NOTE: The video above contains some strong language. If you are offended by that, or in some other Not Safe For F-Bombs Environment, don't press play!
It took a few years, but it finally happened. I read the worst content marketing article in the history of content marketing.
I'm not going to post it here, or shame anyone. This blog will never be about that. I will tell you that the subject of the article was something like "why it's important to write well in content marketing." This has almost ended content marketing for me. Almost.
I mean, who would ever argue the reverse?
But I understand why this article was written. I do. It was written because the mill demands grist. It was written because it would activate a tribe on the Interwebs that would share it with a "Hell, YEAH!" But the article was the rhetorical equivalent of "Why Water Is Important To Your Lake."
This article, and zillions like it, are part of the unfortunate reality that quantity works. So does quality, by the way--it's a false choice. But if you don't have quality, you can roll with quantity. Some, like my friends Jay Baer and Mark Schaefer, pull off the seemingly miraculous trick of providing both. But for the rest of us, we need to be comfortable with the fact that we have to expend our resources wisely: do we create a lot of content, or do we create a little great content?
Here's a way to think about this that might change your thinking, the next time you are about to hit "publish" on "Seven Ways To YOU WON'T BELIEVE THE THIRD WEIRD THING" or its analog for your business. Have you ever gotten a cold call? I get craptons of them. They don't work--at least on me. But people still do it, because it's a numbers game. Sales-driven organizations install vast phone rooms--called "boiler rooms"--where people dial for dollars every day, quickly moving past the 999 "Nos" to get to that single "Yes." The chance of any single call producing revenue is very slim. The chance of 1,000 calls producing revenue, however, is high. So boiler rooms operate, and will continue to.
Boiler rooms have a comforting math about them. Want to increase your sales? Increase your calls. Simple. But for every win a company puts on the board, it pisses off hundreds of "leads" who will never disassociate that "boiler room" image from that company again. Grab me at a conference some time and I'll recite my litany of shame for you--the companies that could deliver me nachos every day and I still wouldn't take their call.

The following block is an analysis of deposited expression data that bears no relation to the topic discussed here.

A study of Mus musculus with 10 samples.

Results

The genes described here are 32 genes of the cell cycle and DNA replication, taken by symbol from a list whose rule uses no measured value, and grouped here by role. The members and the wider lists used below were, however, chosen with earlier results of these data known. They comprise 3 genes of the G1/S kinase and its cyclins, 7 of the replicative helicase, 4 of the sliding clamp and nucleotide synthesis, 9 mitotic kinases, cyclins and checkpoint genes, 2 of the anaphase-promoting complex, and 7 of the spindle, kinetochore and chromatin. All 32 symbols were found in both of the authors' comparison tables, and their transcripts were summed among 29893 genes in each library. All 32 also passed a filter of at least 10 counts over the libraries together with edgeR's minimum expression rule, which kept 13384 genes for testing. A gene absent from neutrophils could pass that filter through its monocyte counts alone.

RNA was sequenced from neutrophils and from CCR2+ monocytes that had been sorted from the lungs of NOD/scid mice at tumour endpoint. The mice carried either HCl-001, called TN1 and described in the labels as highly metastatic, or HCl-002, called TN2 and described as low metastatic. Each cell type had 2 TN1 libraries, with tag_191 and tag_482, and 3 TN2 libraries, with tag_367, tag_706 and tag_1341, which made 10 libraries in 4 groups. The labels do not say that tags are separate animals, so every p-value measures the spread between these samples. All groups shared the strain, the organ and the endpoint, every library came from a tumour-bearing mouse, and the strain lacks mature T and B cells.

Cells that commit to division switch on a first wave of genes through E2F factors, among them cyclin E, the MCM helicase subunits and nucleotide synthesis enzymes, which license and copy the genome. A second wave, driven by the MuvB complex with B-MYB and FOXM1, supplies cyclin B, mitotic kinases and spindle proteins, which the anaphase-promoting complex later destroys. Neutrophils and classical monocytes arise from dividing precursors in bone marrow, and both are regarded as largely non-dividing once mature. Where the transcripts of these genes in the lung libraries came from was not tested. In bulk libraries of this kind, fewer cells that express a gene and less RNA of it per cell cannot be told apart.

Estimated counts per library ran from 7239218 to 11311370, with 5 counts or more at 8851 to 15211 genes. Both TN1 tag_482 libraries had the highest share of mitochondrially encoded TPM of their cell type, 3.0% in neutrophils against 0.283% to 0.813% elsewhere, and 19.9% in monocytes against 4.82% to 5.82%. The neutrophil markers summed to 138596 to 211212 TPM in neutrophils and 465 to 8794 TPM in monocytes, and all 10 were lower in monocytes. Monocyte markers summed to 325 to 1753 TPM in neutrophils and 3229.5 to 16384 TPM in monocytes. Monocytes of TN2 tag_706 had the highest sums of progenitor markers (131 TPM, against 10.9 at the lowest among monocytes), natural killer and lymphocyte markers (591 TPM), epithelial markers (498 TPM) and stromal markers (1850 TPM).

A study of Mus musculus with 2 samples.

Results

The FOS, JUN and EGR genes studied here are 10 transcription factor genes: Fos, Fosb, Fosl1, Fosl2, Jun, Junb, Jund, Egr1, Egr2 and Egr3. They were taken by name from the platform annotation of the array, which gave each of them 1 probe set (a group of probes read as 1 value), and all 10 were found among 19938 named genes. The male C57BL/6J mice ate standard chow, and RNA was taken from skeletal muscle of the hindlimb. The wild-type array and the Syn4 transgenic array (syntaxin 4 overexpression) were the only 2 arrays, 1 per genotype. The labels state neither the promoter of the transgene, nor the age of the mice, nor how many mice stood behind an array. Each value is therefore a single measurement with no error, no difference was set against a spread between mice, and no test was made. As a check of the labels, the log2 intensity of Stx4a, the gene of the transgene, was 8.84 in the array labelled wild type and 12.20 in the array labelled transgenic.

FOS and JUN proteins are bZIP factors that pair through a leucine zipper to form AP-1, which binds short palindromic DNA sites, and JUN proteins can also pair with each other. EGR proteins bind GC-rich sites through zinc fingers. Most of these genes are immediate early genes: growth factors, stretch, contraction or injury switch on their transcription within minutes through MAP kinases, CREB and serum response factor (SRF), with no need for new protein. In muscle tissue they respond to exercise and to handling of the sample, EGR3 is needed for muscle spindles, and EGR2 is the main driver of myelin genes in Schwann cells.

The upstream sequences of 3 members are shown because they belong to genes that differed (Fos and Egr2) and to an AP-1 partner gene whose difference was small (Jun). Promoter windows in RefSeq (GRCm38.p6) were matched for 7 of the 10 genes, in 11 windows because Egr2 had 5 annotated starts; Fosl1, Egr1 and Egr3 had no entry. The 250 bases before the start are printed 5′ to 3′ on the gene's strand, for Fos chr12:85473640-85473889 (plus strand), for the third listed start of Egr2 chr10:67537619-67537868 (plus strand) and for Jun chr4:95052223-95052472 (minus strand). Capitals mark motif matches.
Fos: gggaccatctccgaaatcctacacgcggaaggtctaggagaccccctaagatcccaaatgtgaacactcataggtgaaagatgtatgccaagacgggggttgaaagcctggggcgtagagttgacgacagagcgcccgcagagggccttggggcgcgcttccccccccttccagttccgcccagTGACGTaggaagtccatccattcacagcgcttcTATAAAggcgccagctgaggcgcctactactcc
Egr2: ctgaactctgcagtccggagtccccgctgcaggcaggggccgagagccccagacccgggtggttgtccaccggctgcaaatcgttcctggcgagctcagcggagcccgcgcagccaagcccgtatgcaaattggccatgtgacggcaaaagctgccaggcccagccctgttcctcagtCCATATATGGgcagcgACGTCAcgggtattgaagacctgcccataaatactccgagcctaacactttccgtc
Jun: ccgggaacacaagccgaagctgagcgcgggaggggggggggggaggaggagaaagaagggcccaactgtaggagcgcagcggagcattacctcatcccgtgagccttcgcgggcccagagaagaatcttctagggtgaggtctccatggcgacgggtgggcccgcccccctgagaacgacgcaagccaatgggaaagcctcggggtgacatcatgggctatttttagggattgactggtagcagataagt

That "boiler room" image is a little unseemly, right? Makes you feel a little queasy just thinking about it?
Companies that put out scads of scattershot listicles are the boiler room of marketing. Blogging for leads, not relationships. Will they get leads? Sure, as far as they define them. Some will convert. But many more won't.
And here is what I think these content "boiler rooms" don't consider fully: the non-response bias of the people this content doesn't convert. Because when I see a site or company pumping out this kind of content, the damage isn't that I simply don't become a lead. The damage is what I think about your company, its ethos, and its ability to solve my business problems, to be frank. It gives me the impression that this is not a company I want to be partners with. And for every lead "boiler room" content creates or converts, how many more walk away from those interactions feeling just as queasy about that brand as that clip above made you feel about stockbrokers?
Ultimately what I am getting at, as I often do, is the limits of clickstream data for things like this. Boiler Room content is very easy to quantify if you look at leads per post. But damage per post? Google Analytics won't tell you that.